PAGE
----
How to grip readers by using humour in fantasy

Published on: 24 October 2023 Author: Ciannon Smart

Rayleigh Mann in the Company of Monsters author Ciannon Smart shares why humour works so well in fantasy novels - and how it can help to engage young readers.

A photo of Ciannon Smart resting her head in her hand in front of her laptop, plus the front cover of her book Rayleigh Mann in the Company of Monsters

When I was a kid, there was a laundry hamper in my bedroom. It was wicker, not quite circular, not quite square, and almost as tall as I was at the time. In the daytime it was innocuous. But as soon as it was time for bed, the landing light was switched off, and silence fell in my family house, it transformed into something else – a portal from which I, barricaded within the protection of my quilt, would imagine the most awful monsters could slink through.

The fact that I now write about monsters of all kinds, across several age groups, is either a successful way of overcoming my childhood trauma, or something diametrically opposed, to be studied by professionals. Either way, the good news, perhaps, is that I stopped being afraid of things that went bump in the night, and found them fascinating instead. My writing style can be summarised similarly: finding a new way to view the unexpected; and for me, that often means with humour.

Laughter is, I think, something all kids can relate to – in fact, some of the funniest moments I've had were when I was a teacher, and my students would regale me with stories. One group in particular were brilliantly bright. They'd challenged themselves with pinning photos on their teachers' noticeboards, and seeing how long it would take them to spot the outliers. Those kids used humour as an act of rebellion.

Some kids rely on humour to get them through difficulties at home, or to distract from day-to-day struggles in life.

Humour is as malleable as a piece of clay, fit to be shaped into whatever it needs to be, which is why I think it makes stories so accessible. There's a joke for every kind of reader, from the most enthusiastic to the most reluctant.

With the rise of audiobooks, and talented actors embodying voices, those jokes and moments of levity have become something three-dimensional. Like joking with friends.

How humour can engage reluctant readers

An illustration of a skeleton grinning and wearing a suit and hat from the front cover of one of the Skulduggery Pleasant books

Pic: Tom Percival

Reading can often be considered a chore. It's easy to fail to associate it with something that can be fun. Never one for maths, I didn't put two and two together – humour and storytelling – until I read the first Skulduggery Pleasant book, six years after I decided I wanted to be a writer.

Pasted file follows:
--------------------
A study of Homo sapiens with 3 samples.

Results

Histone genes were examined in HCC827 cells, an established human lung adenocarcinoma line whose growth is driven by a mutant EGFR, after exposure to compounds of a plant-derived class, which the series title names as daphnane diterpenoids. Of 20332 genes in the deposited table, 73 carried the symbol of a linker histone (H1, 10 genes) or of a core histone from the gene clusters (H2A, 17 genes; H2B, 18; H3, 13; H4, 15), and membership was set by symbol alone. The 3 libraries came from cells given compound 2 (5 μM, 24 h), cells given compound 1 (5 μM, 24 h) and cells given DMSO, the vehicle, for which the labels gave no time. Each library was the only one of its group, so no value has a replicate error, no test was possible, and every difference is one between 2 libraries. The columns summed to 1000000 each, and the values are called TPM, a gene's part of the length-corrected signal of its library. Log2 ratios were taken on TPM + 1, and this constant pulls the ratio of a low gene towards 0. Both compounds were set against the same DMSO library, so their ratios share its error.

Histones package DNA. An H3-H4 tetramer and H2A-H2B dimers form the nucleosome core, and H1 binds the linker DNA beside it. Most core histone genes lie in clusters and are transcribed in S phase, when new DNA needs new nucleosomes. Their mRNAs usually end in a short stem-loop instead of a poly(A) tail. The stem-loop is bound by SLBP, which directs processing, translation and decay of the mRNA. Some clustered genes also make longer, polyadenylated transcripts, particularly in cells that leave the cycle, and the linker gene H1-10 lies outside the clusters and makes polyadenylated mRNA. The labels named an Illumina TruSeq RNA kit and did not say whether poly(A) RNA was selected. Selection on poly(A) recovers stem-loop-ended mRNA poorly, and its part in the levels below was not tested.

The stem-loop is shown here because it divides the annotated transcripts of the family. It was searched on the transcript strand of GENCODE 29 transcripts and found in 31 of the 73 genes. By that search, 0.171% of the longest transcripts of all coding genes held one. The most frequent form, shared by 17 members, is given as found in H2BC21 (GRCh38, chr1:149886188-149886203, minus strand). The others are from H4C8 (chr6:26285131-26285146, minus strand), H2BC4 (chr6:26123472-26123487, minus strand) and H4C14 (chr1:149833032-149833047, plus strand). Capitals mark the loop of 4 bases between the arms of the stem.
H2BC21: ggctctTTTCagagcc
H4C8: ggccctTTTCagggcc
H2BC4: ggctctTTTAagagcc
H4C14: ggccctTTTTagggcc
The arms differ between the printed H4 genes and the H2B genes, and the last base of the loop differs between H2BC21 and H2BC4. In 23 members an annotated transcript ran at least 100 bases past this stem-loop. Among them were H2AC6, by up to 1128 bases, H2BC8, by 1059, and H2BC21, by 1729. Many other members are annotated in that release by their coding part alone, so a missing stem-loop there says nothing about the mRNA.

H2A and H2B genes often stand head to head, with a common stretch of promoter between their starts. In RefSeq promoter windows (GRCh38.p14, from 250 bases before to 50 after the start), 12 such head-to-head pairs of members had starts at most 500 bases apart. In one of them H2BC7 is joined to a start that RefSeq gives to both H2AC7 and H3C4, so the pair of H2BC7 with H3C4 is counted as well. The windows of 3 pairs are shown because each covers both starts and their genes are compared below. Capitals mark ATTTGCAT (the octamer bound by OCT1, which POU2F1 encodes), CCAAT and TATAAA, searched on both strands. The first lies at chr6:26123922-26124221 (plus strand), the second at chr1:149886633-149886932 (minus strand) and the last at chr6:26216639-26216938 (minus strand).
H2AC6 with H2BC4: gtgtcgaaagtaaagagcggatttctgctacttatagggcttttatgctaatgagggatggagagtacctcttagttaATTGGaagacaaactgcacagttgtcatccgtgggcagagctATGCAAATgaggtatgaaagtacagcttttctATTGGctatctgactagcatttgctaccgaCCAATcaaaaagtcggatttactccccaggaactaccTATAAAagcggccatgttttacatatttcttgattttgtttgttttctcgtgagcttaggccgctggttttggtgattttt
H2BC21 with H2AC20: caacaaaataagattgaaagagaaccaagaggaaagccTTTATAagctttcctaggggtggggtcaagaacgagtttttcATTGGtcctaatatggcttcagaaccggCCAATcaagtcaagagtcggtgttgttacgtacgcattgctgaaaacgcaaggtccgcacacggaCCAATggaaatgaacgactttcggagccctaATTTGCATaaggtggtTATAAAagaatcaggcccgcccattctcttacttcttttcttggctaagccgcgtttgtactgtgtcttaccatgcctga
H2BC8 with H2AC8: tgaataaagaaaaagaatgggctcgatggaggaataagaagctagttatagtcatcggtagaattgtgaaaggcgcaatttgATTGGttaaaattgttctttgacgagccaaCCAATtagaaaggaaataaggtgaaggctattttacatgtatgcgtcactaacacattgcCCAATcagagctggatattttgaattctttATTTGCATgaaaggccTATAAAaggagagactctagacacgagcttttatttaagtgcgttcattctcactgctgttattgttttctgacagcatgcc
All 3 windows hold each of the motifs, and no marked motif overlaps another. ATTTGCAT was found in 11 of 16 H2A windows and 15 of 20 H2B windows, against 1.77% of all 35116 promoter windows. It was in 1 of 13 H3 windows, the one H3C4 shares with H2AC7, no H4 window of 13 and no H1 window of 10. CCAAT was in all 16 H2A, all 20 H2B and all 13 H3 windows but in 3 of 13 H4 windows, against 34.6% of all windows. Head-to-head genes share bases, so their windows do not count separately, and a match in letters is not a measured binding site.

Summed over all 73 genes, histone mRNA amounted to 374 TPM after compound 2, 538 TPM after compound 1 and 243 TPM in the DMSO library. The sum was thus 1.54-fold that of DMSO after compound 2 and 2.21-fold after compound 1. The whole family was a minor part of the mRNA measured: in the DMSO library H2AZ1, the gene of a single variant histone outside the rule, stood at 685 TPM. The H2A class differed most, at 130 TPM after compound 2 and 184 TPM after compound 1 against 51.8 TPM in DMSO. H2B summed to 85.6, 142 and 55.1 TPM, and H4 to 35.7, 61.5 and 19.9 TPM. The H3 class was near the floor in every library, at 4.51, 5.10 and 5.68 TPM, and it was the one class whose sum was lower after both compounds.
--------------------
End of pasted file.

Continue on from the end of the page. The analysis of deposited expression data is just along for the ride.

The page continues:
Discovering Derek Landy's original nine books could have come sooner – and would have, in fact, if I'd got over my own preconceived notions about children's fiction and its readers. My little brother, five years younger than me, credited Landy as his favourite author. Older, and believing myself wiser, I didn't think our tastes could align. Years later, I'd meet Derek Landy in a signing queue at a book event, and I'd tell him this story, ending with: "And I've never been happier to be proven wrong."

Fantasy was often dark, always grand, but never did I consider that it could be all those things and funny. My younger brother refused to commit to any stories because he didn't think the practice of reading was enjoyable. He associated it with school, which can often overlook the different ways kids absorb information. But a few funny character names later, and the laugh-out-loud moments Landy is famous for, and he was committed to the entire series.

Humour in stories helps show kids that books can be fun, and they can imitate life: their own adventures they undertake when their parents aren't around, or their teachers' backs are turned.

The Skulduggery Pleasant series helped me discover more funny stories, such as the Lockwood & Co books. More recently, I've been reading Bob vs the Selfie Zombies, a laugh-out-loud adventure with a penchant for fart jokes. After these stories, I couldn't believe I'd overlooked the thing that my friends and family would probably say first about me, if pressured to offer a compliment: my sense of humour.

Bringing humour to Rayleigh Mann in the Company of Monsters


Pic: Raymond Sebastien

Rayleigh's conception might be the biggest laugh of all, when I reflect on it. Two words started his story: Scare Duty. I imagined a world in which monsters frightened humans for a greater purpose, and one boy who would embark on an adventure of self-discovery, magic, and plenty of trouble, as he learned that the very antics that result in him being told off in his world, are celebrated and encouraged in the secret world of monsters right under his nose.

Sneaking out? Totally fine, as long as a note is left behind. Breaking and entering? Probably not advisable in a house known for eating people, but not entirely discouraged.

As a former naughty kid, who grew up to become a teacher that welcomed the naughty kids into my classroom, celebrating trouble in this story has been my greatest pleasure. Second only to knowing that those reluctant readers, those kids who might not feel clever in the traditional sense, will find themselves, their antics, in the pages of my book.

I truly believe that there is a story for everyone. More than that, I think children's fiction is where it's at. Adventure, magic, trickery, and humour? They really do know best.

Hopefully, you'll never consider a washing hamper, or the space under your bed, the same way again.

Rayleigh Mann in the Company of Monsters by Ciannon Smart is out now.